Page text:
My kid changed the law.
I hope you’ll excuse my blatant mommy gloating. But, I’m quite proud. My daughter is different than most. She’s a super hero. She saves lives. She also only lived for five days.
After a healthy pregnancy, I gave birth to 8 pound, 10 ounce Cora on November 30, 2009 via a completely healthy and normal labor.
We took her home two days later. One morning, I woke to breastfeed her. Everything was going just fine. I looked up for a brief moment to tell my husband something. I looked back down. Cora was grey. Cora’s face was covered in blood. Cora wasn’t breathing. A 911 call. Rush to the hospital. They couldn’t save her.
Cora was gone.
For two days, I wondered what had happened. I found out from the coroner she had a congenital heart defect, that’s what caused the blood to back up to her lungs.
A few weeks later, and I found out that something quite simple might have saved her.
I’m sure at least 99 percent of you have had this done.
Pulse oximetry is a light sensor that reads the oxygen level in your blood. In adults, it’s a small clip placed on the end of your finger. For babies, it’s just as non-invasive and cheap, but looks like a little bandaid and is wrapped around the hand or foot.
It’s often called the fifth vital sign. It’s on the same level as getting your temperature taken or blood pressure read. Imagine hearing your daughter’s life might have been spared by something so easy.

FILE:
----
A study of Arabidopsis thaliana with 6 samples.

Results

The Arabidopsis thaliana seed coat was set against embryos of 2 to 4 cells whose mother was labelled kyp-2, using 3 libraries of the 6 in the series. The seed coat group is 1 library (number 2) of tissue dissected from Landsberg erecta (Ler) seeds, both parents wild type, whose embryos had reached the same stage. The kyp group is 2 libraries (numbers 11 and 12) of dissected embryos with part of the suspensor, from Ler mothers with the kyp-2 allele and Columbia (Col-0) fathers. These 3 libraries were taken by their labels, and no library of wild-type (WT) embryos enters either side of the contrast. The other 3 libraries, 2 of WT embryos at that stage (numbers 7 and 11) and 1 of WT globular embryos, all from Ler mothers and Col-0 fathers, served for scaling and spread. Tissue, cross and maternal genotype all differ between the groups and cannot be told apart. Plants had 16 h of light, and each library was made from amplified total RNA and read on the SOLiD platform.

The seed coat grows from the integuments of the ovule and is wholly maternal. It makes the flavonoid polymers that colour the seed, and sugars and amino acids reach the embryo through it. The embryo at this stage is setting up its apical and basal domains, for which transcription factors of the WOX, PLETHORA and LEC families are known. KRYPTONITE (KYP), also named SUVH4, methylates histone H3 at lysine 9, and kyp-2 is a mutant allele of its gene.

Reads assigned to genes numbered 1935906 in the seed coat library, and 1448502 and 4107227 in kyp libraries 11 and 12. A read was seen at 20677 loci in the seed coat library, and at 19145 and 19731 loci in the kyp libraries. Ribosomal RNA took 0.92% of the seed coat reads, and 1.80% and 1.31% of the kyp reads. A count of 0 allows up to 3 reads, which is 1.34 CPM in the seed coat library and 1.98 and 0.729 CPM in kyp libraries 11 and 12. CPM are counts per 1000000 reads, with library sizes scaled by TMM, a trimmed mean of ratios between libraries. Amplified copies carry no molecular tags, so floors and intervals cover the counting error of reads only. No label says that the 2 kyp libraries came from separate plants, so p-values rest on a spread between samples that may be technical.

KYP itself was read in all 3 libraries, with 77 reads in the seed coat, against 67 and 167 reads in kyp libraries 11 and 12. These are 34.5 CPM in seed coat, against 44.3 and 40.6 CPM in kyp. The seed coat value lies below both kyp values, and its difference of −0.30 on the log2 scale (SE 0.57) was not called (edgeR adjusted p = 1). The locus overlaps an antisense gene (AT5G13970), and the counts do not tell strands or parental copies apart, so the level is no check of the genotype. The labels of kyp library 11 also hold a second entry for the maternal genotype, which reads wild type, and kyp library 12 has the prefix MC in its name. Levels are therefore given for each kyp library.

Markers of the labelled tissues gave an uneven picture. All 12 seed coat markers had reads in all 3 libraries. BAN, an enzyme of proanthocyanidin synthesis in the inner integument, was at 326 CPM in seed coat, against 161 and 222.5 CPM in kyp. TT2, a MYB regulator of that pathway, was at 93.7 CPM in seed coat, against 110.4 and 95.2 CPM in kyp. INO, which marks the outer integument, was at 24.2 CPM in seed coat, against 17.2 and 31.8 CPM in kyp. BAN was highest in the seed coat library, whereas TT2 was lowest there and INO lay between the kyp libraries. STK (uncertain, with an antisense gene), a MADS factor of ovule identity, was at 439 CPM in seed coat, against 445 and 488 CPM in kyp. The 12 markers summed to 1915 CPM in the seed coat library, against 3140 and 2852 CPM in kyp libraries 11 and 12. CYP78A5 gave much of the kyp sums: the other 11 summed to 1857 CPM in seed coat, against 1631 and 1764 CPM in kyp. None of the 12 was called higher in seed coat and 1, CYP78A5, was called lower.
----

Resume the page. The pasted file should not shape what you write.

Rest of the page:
Turns out, only about half of all congenital heart defects are detected in utero. CHDs vary widely in severity from a small hole in the heart that doesn’t affect the patient to defects that require immediate life-saving surgery. About one in every 100 babies are born with a CHD, according to the March of Dimes.
Even pulse oximetry screening doesn’t detect every CHD, but Cora’s was one the screening might have caught. It catches many of the most severe, especially when conducted properly, and after 24 hours of life. And, because the parents are told why their child is being screened, they’re aware of CHD and hopefully more likely to report any signs and symptoms. Babies with CHD sometimes turn blue, breathe heavily and have trouble feeding.
I wrote my state senator and worked with him to author a bill to make sure every newborn in Indiana was screened. I can now proudly say that it’s part of the code here. It’s law. Starting in January 2012, every newborn will be screened in Indiana.
I know as mothers, it’s frustrating to think about another level of interventions for our children to go through. But, this is different. This is basic screening for something simple. Mothers can certainly opt out of the screening, but at least their child will have the opportunity to be screened in Indiana, thanks to Cora.
New Jersey and Maryland have also passed laws dealing with pulse oximetry screening. Other states are considering. In other states, mothers and fathers are working to make sure what happens to Cora doesn’t happen again by meeting with legislators, policy makers and raising their collective voices in traditional and social media.
No mother should ever find out about her baby’s broken heart from the coroner.